The federal Attorney General’s Office (FGR) has obtained a warrant for the arrest of Tamaulipas Governor Francisco García Cabeza de Vaca on organized crime and money laundering charges.
Almost three months after it came to light that the federal government was seeking to prosecute García for ties to organized crime, illicit enrichment and tax fraud, a judge has issued a warrant for the arrest of the National Action Party governor, who has been in office in the northern border state since 2016.
The lower house of federal Congress last month approved the FGR’s request to strip the governor of his immunity from prosecution, but the Tamaulipas Congress refused to ratify the decision.
The Supreme Court ruled in favor of García maintaining his immunity, known as the fuero, but President López Obrador claimed this week that its decision was “ambiguous” and that the governor could face justice.
“The opinion of the interior minister [Olga Sánchez Cordero, a former Supreme Court judge] is that there is no fuero; the ruling of the court is not clear in this case …” he said Tuesday.
The federal judge who issued the arrest warrant appears to share that view. The Associated Press reported that it appears that García is in a situation in which he only retains his immunity if he remains within the borders of Tamaulipas.
On the request of the FGR, the National Immigration Institute on Wednesday night issued an alert aimed at preventing the governor from leaving the country.
In a statement posted to social media, García said the warrant for his arrest violated his right to the presumption of innocence and due process. He also asserted that the Tamaulipas Congress and the Supreme Court have determined that his protection from prosecution remains “current” and “untouchable.”
“… They’re violating the decision of a sovereign Congress and, even worse, they’re ignoring a legal resolution of the country’s highest court,” the governor said.
“The political motives are clear,” García said, asserting that the federal government is using the justice system to “harass and intimidate” its opponents and people who are critical of the government and the ruling party, “especially when the electoral preference of the citizens is in clear decline.”
“It’s not a coincidence that the existence of the arrest warrant was first disseminated by members of the government party [Morena]. This only means that the decision to proceed against me was taken in the National Palace,” the governor wrote.
The National Palace is the seat of executive power and also the residence of López Obrador and his family.
García said he would defend himself against the “false accusations” he faces as he has done since the beginning of “this political and media attack.”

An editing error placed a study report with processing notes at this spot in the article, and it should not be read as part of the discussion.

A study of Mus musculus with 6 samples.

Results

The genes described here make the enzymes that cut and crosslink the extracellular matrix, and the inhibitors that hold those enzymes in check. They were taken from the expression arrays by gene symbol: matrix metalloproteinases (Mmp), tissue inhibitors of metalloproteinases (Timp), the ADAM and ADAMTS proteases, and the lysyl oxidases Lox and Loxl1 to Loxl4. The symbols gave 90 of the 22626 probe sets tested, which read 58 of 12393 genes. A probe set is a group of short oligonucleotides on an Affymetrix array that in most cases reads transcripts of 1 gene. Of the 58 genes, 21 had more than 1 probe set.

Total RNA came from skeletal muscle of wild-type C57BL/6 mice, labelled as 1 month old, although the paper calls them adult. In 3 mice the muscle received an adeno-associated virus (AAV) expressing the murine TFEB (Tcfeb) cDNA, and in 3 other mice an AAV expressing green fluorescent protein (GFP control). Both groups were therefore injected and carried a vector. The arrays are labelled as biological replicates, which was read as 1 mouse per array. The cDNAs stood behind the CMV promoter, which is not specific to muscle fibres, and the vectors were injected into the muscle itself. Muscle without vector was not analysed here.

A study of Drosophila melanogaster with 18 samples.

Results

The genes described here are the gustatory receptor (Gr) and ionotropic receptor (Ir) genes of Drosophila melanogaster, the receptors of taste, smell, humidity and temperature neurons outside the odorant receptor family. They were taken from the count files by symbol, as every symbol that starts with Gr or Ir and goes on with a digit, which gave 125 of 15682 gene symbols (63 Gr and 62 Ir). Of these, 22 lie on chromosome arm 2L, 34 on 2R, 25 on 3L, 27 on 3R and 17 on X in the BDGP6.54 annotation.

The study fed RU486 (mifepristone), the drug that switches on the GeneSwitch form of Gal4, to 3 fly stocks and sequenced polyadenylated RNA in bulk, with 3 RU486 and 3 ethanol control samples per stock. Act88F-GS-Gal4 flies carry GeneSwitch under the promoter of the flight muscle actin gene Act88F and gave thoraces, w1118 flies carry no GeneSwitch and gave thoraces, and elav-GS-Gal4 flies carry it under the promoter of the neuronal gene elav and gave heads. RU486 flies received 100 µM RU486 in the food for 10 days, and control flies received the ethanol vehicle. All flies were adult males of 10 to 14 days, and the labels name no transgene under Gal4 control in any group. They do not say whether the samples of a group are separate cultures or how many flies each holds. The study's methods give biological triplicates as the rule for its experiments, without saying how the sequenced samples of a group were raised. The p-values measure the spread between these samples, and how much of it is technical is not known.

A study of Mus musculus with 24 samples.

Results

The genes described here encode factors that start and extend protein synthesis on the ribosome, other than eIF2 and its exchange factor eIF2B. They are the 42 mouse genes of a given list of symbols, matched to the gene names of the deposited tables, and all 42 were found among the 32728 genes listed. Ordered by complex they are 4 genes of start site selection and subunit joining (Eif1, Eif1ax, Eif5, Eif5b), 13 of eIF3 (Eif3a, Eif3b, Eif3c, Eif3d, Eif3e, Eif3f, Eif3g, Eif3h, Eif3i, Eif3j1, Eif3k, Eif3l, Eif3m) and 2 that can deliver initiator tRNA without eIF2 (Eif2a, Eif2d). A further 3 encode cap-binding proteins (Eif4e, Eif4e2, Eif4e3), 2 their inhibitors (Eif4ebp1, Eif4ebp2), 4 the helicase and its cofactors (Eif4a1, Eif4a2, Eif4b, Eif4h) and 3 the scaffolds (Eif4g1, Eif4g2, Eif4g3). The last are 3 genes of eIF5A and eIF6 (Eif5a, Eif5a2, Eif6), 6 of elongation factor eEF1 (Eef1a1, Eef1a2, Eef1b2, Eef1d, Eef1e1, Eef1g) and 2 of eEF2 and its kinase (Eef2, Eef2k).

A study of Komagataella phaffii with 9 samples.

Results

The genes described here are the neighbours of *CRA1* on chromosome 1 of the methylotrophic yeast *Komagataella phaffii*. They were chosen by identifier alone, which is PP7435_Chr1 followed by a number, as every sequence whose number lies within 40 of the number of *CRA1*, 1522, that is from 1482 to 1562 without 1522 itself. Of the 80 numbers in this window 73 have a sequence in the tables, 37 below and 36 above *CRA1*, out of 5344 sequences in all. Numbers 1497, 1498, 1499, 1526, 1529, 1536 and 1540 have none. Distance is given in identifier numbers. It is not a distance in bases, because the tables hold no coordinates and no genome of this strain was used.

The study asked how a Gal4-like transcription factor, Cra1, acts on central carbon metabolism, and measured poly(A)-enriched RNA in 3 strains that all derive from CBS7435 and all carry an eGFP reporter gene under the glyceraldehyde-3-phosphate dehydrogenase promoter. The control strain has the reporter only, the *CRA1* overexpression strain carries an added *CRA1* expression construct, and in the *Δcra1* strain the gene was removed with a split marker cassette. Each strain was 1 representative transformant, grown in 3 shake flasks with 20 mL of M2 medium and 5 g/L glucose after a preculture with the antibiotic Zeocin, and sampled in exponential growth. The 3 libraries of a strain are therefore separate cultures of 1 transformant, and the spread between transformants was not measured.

The governor claimed that he has been denied access to the federal file against him and charged that the country’s laws have been buried on the “whim” of the president.
“… The free and sovereign people of Tamaulipas brought me here. I will defend myself to the limits of my strength. … This country is not a nation of one man. Mexico belongs to all of us,” García concluded.
In addition to having an arrest warrant issued against him, the governor on Wednesday also had his bank accounts frozen. The head of the federal government’s Financial Intelligence Unit (UIF), which worked with the FGR on investigating the governor’s allegedly illicit activities, announced on Twitter that he had ordered the freezing of accounts of the “network of Francisco G for alleged operations with resources of illicit origin.”
UIF director Santiago Nieto said the order applied to the accounts of 12 people and 25 legal entities. The UIF has reportedly blocked the accounts of the governor and those of his close family members, including his brothers, mother and wife.
“Zero tolerance of corruption and impunity, especially of those who believed they were untouchable,” Nieto wrote. “We will continue the investigations to determine if the network of Francisco G or of the Tamaulipas government illegally financed electoral campaigns. If that’s the case, we’ll present the corresponding complaints.”
According to an FGR document sent to the federal Congress to support its request for the governor’s desafuero, as the immunity stripping process is known, García, a former federal lawmaker and mayor of Reynosa, has used his power and influence as governor to amass a multimillion-dollar fortune.
The document said the governor designed a money laundering scheme that operated from within his government in which public money was diverted for the benefit of family members and other associates between 2016 and 2019. He allegedly used front companies in the scheme and purchased properties with inexplicable riches far greater than the wealth afforded to him from his governor’s salary.
The FGR application for desafuero included an anonymous email sent to federal authorities claiming that García has 951 million pesos (US $47.8 million) of hidden assets in south Texas, which borders Tamaulipas, and that the García Cabeza de Vaca family owns 30 properties there, including company premises, restaurants, art galleries, homes and ranches.
Testimony included in the application asserts that García has links to the Gulf Cartel dating back to 2004. Organized crime has a strong presence in Tamaulipas, and former state governors there, including Tomás Yarrington — currently imprisoned in the United States awaiting trial on drug trafficking and laundering charges — have fallen afoul of the law.
García is also under investigation in the United States, meaning that fleeing to that country would appear to be an unviable option to escape prosecution. A Tamaulipas government source told the newspaper El País that the governor remains in the northern state.
The warrant for García’s arrest comes just over two weeks before municipal, state and federal elections are held on June 6. The Tamaulipas governor’s term is not scheduled to end until 2022.